Indeed, flights often smack into turbulence in areas that pireps had said were smooth. In 2000, a U.S. Airways flight sailing uneventfully over Chattanooga, Tennessee, at 35,000 feet got banged hard by an encounter with turbulence. “People’s heads hit the [ceiling] and cracked it,” Andelmo says. “We had some serious injuries.”
The airlines and the government also work together to prevent rough rides. “We have regular conference calls throughout the day with the FAA and the other airlines where we share any information we have,” says United spokesman Jeff Green. “In the case that our dispatchers need to get or share any information, we do have the ability to contact the operations control centers at other airlines.”
The airlines and the FAA characterize turbulence as light, moderate, severe, or extreme. Respectively, the categories are defined as (1) causing slight, erratic changes in altitude or attitude and rhythmic bumpiness; (2) same characteristics but greater intensity and rapid bumps and jolts, with passengers straining against seat belts; (3) large, abrupt changes in altitude or attitude and large variations of airspeed, with aircraft temporarily out of control; and (4) violent jolts making control of aircraft nearly impossible and structural damage possible.
But what feels like light turbulence in a 747 might seem severe in a 737. Turbulence even varies along the length of an aircraft: Pilots feel some bouncing, but the center of the aircraft shakes more than the cockpit, and the rear sections sway back and forth more than the center. Says Goldman, “Turbulence is the only meteorological parameter that’s a subjective report.”
NOAA, in conjunction with the National Weather Service, regularly issues clear-air turbulence forecasts based on calculations of things like temperature, wind speed, and wind direction in different parts of the country and at different altitudes. But some in the industry find the forecasts too conservative. So a few airlines, like United, have invested in their own meteorology departments.
“To put out a CAT forecast that we’re confident in is very labor-intensive,” Goldman says. “We need to be evaluating a lot of things. Even then, we wait until we start to get verification from flights in the area. And if their reports correspond to what the data are telling us, we then put out a warning.” Otherwise United might impose unnecessary deviations, resulting in extra costs. Exactly what those extra costs are is difficult to say, but United’s willingness to spend more than $2 million every year just to have a meteorology department is some indication.
Some parts of the country are known for having either convective or clear air turbulence almost all the time, such as above and just east of the Rocky Mountains, particularly around Denver. (United refers to a circle defined by a 50-mile radius around the city and up to 25,000 feet in altitude as “the Denver cylinder,” in which pilots can always expect rough rides.) Other usually turbulent areas include the Gulf Coast, southern Florida, the area around Cape Cod, Massachusetts, and the Montana-Canada border.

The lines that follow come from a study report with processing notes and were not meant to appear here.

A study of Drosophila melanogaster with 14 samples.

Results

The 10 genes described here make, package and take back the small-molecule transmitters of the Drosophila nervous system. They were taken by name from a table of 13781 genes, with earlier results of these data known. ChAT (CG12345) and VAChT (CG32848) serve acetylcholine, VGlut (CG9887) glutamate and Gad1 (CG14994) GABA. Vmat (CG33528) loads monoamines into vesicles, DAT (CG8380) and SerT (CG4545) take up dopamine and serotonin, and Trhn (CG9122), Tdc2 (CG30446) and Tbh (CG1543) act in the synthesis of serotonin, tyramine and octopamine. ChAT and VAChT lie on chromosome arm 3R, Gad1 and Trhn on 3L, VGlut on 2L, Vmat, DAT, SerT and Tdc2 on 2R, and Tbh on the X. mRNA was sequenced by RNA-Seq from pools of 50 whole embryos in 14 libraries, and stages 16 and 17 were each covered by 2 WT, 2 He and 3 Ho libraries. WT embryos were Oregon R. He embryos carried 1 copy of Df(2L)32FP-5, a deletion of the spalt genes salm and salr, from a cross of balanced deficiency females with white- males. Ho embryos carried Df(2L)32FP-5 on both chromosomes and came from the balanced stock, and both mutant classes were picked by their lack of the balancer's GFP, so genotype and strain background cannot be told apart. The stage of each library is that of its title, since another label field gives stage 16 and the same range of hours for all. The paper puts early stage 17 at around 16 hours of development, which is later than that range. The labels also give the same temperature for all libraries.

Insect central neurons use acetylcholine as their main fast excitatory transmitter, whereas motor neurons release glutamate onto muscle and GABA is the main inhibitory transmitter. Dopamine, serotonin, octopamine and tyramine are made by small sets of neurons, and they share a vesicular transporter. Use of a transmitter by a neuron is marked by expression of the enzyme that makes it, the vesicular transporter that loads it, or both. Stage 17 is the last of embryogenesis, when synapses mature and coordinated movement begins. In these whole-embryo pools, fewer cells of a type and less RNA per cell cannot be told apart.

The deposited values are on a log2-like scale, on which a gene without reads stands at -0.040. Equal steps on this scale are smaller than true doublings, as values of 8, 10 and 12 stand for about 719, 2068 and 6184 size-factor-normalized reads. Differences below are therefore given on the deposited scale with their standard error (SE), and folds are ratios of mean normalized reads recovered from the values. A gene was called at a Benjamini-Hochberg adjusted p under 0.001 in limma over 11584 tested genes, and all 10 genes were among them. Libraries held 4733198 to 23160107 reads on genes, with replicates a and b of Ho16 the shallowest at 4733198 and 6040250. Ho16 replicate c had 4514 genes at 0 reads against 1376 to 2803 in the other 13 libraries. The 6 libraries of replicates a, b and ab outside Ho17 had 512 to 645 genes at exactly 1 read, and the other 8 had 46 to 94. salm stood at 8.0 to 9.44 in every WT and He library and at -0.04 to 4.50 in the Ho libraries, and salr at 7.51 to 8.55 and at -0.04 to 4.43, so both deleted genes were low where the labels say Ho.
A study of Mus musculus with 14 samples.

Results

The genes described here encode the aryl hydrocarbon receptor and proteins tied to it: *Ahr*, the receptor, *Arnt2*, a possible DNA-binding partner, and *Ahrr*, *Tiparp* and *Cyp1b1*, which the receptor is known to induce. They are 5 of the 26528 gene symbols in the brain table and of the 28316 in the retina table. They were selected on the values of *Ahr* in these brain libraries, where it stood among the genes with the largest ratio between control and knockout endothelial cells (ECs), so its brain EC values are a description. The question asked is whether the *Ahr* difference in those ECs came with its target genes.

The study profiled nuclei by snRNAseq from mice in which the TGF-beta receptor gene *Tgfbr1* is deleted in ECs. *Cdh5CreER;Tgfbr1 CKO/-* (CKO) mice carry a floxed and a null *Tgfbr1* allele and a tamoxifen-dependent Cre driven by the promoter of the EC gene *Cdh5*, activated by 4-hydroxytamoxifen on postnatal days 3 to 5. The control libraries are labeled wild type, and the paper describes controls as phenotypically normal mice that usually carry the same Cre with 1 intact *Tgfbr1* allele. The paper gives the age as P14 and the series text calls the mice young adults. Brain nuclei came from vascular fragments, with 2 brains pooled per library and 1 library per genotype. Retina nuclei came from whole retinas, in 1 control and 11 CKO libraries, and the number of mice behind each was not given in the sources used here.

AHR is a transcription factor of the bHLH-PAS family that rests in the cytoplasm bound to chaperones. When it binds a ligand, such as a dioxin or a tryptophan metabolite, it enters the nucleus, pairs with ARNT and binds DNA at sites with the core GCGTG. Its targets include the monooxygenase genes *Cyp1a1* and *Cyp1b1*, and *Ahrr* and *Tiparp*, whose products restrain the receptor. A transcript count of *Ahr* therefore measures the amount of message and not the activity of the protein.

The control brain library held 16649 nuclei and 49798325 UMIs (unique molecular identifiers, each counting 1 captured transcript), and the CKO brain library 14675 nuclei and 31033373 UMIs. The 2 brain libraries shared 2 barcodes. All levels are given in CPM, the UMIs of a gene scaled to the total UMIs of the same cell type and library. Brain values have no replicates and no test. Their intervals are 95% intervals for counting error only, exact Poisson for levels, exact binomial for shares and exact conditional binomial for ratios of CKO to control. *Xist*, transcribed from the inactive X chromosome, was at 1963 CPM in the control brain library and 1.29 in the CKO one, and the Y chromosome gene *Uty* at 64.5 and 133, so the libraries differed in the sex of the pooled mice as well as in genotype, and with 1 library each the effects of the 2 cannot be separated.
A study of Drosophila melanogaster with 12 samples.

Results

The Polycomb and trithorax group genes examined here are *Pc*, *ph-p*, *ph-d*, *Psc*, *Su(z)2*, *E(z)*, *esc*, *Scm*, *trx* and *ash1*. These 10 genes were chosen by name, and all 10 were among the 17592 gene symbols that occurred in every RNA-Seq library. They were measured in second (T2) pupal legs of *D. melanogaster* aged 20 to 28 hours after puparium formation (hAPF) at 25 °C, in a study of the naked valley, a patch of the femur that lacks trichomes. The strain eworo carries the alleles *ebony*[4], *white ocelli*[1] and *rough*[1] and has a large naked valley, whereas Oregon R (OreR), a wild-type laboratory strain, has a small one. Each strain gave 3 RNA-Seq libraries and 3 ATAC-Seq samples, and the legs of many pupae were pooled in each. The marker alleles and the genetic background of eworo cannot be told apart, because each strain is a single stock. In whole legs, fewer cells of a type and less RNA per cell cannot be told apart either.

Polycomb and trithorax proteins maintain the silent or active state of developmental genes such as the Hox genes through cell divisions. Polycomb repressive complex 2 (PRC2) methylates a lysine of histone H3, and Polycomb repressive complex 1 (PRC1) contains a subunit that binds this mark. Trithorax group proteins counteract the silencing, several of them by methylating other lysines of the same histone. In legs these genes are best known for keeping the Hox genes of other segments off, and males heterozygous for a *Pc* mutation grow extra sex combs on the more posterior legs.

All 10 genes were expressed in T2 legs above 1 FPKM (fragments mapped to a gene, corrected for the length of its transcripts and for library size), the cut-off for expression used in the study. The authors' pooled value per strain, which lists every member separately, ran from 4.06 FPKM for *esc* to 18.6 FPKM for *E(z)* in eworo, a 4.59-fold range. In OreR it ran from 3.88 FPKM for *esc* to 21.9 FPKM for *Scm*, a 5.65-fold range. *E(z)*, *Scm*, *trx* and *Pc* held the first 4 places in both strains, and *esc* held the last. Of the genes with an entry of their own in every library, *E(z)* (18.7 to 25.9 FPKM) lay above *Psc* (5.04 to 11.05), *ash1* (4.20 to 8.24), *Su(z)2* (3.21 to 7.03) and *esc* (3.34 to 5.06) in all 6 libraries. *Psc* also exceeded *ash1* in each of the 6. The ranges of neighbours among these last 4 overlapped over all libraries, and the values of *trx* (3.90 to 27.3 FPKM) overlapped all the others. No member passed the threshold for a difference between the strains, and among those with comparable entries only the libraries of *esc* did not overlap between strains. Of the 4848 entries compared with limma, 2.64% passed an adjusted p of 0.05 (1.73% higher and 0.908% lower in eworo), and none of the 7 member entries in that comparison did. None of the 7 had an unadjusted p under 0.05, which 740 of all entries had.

Along with the National Center for Atmospheric Research and other organizations, NASA’s Aviation and Security Program is currently working on what it calls a Turbulence Prediction and Warning System, which is intended to help reduce turbulence-related injuries. According to Jim Watson, the TPAWS project manager, two very promising technologies are being developed to help detect turbulence. The first is a software upgrade of the Doppler radar systems that many airliners already use to detect wind shear. With new algorithms, these radars will be able to look for and process weak radar reflections of moisture or ice crystals typically found in convective turbulence far away from storm clouds.
Laser-based radar, or lidar, is the second TPAWS technology under development (see “How Lidar Detects Turbulence,” next page). Much more sensitive than Doppler radar, lidar can show air motion at a very high resolution, a capacity that gives Watson and his colleagues hope that—pending more refinement and development—it will be able to reflect off minute dust particles blown around by clear air turbulence. But after the attacks of September 11, 2001, as airlines lost passengers and were forced to spend money on security, it became clear that developing an expensive technology like lidar would be difficult. “One of the challenges for a laser-based system is to make it more affordable,” says Steve Hannon, chief scientist of CLR Photonics, a Colorado firm that is working with NASA to develop turbulence warning sensors.
According to Hannon, most research has focused on 10- to 20-centimeter-diameter “pencil beam” lidar, which stays fixed straight ahead of the aircraft and merely alerts crews to the presence of turbulence, rather than more expensive scanning lidar, which sweeps across the path of the aircraft and returns an image of the air. It’s still unclear whether pilots need to know the shape of turbulence, as opposed to just the fact that it is looming ahead.